OF ALL THE bequests of social media, the utterly extraordinary influence of imagery appears the most obvious; the speed at which images are transformed, less so. Perceptions of popular politicians are particularly volatile; those of faceless folk slapped with group labels, far less so: a WhatsApp video clip of an anonymous ‘Kashmiri girl’ that went viral last fortnight, with a young woman clad in nothing but a clingy kurta all asquirm and agurgle on a random rooftop in the sheer abandon of a winter drizzle, for instance, seems to have startled rather than spurred WhatsAppers to think of individuals as individuals (as liberals would). Alas, what people make of ideas tends to change at a pace much too sclerotic for any good; how the rabble responds to slogans that appeal to hoary old beliefs, no less so.
Leave aside ideologies of leftist and rightist extremes, perhaps the most remarkable recast story of the past decade is that of an Indian concept called jugaad. Scorn-worthy till not so long ago, it has almost acquired the status of a business buzzword now.
Early familiarity counts, and my first impression of jugaad as a wiseguy workaround was formed back in boarding school as a reckless teenager. For coffee at midnight, a cricket cup taken off our hostel’s trophy wall would act as a vessel, and a Sandoz eraser pinned at both ends by a divider—taken out of a geometry box, snapped apart and wired to an electric socket— would be used as a make-do water heater. It was a survival aid, as we saw it, but the thought of jugaad being offered as advice for CEOs, no less, would’ve made us splutter over our brew.
Yet, it’s not a word thrown around just in jest today, it’s an actual subject for analysis at Cambridge University’s Judge Business School, among others. A big role in its ascent to academia has been played by the 2012 book Jugaad Innovation by Jaideep Prabhu, Navi Radjou and Simone Ahuja, who portray it as a form of ingenuity that’s both flexible and frugal, best deployed against adversity. This is something that clever companies don’t merely resort to, they argue, but also apply as a strategy.
Well, well. Could ‘jugaad innovation’ set the world of business abuzz the way that Japan’s kaizen perfectionism did in the 1980s? Don’t bet on it. Critics see little in jugaad beyond an exotic name for scrimpy operations. Others accuse the authors of conceptual overstretch for citing examples of CEOs flying by the seat of their pants, so to speak, even though that’s what dynamic entrepreneurs say they do anyway: reshape their strategy on the basis of live market inputs as they go along. What few dispute, however, is that it’s a snappy word for a scrappy way to solve a problem. Why, it has even found itself in Oxford Dictionaries, an inclusion for which credit was swiftly claimed by a Hindi flick that had a song-and- farce sequence in the concept’s honour, a movie best recalled only for its quip, Yeh duniya ummeed pe nahin, jugaad pe qaiyyum hai’ (The world survives not on hope, but on a quick fix).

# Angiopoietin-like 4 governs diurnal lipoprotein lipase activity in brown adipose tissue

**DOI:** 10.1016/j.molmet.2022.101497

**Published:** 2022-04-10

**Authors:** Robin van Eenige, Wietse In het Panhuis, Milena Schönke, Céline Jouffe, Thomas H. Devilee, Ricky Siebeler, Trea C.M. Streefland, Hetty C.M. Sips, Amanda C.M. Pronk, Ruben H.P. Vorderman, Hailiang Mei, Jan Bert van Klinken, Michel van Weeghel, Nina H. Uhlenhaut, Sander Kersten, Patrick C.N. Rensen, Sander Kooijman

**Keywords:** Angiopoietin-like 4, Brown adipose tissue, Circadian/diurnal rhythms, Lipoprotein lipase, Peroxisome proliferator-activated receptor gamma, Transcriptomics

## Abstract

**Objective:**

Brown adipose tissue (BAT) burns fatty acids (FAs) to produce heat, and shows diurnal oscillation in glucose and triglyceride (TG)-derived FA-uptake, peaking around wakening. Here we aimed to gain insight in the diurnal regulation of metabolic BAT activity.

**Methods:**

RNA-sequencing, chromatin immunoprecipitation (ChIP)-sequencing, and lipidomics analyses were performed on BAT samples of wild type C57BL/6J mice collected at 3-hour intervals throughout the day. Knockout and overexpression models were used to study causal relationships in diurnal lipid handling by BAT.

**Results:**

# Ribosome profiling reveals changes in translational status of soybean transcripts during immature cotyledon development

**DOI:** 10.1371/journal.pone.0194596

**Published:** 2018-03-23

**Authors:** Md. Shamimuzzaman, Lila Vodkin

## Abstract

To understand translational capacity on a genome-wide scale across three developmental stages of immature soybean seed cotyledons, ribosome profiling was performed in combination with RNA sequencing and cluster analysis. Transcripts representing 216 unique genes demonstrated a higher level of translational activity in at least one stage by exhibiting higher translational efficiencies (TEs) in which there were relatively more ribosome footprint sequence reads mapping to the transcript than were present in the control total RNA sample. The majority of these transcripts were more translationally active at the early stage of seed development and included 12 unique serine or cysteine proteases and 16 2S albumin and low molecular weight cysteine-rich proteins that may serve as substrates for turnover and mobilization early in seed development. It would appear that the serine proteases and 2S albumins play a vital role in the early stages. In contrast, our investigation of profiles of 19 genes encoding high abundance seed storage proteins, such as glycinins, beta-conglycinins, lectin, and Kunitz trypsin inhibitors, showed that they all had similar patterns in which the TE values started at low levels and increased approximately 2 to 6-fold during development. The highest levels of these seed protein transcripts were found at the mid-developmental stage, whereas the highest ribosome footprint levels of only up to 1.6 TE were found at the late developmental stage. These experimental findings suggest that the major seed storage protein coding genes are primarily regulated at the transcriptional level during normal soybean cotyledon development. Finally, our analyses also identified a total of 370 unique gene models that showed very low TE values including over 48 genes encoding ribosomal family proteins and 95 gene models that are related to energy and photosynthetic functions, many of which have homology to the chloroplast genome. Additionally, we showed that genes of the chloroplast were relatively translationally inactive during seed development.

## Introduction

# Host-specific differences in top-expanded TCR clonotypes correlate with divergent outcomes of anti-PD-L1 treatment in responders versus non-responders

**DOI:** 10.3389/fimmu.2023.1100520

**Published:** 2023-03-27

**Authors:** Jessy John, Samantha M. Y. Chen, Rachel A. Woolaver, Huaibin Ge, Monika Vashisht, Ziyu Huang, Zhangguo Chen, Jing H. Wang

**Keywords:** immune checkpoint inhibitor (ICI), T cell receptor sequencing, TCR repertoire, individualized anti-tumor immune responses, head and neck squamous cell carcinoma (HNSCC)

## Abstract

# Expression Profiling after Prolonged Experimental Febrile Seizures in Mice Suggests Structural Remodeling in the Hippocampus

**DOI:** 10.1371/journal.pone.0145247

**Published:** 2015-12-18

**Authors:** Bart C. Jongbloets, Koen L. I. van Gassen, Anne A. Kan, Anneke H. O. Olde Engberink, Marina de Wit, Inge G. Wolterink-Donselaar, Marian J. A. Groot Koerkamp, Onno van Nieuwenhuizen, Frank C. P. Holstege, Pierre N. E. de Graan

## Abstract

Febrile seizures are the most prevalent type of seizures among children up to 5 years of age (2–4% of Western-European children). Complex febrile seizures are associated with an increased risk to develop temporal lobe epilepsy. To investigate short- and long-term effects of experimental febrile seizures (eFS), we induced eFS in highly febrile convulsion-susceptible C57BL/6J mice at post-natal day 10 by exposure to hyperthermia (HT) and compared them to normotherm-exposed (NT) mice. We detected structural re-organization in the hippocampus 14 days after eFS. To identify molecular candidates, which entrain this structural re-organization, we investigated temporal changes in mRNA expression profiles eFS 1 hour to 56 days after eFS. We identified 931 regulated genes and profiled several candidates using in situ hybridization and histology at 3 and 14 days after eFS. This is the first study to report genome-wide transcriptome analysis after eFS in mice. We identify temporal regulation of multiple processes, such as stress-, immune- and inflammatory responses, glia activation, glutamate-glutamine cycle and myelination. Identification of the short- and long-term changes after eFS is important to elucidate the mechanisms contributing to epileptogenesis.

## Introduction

For all its new respectability, it has long been the stuff of winks and nudges. Attribute this to the broad sweep of its use as a term in India, covering everything from chewing gum acting as an adhesive to high-level bribery bending a rule or two. While urgency is usually what calls such an approach into play, it often draws upon the sort of ethical ambiguity that goes with an ‘anything-goes’ attitude. This throws up an ends-and-means perplexity that champions of jugaad have left largely unaddressed. Indians are famous for working in the grey zone between moral relativism—where it’s okay to be economical with the truth, say, or give safety norms the go-by—and categorical imperatives that specify distinct no-nos in rejection of the notion that noble ends could justify ignoble means. On this spectrum, recent years have seen a spectral shift for the former in this country.
If sticklers for propriety react with dismay, it’s for the same reason that nobody should wire up an eraser for a caffeine shot: safety may not make for a heroic self-image, but the risk of lives lost far outweighs the gains of slapdash action against a ‘crisis’, and it’s hard to believe that similar trade-offs don’t operate on higher-order forms of jugaad, whatever the aim.
All in all, while the West’s academia has done well to welcome this desi concept, any such scramble for a fix needs the restraint of calculated clarity on what risk is worth how much. No one would want a jugaadu job at a nuclear facility, for example, even if the stakes are sky high. At least one no-no does exist that ought to find a global consensus.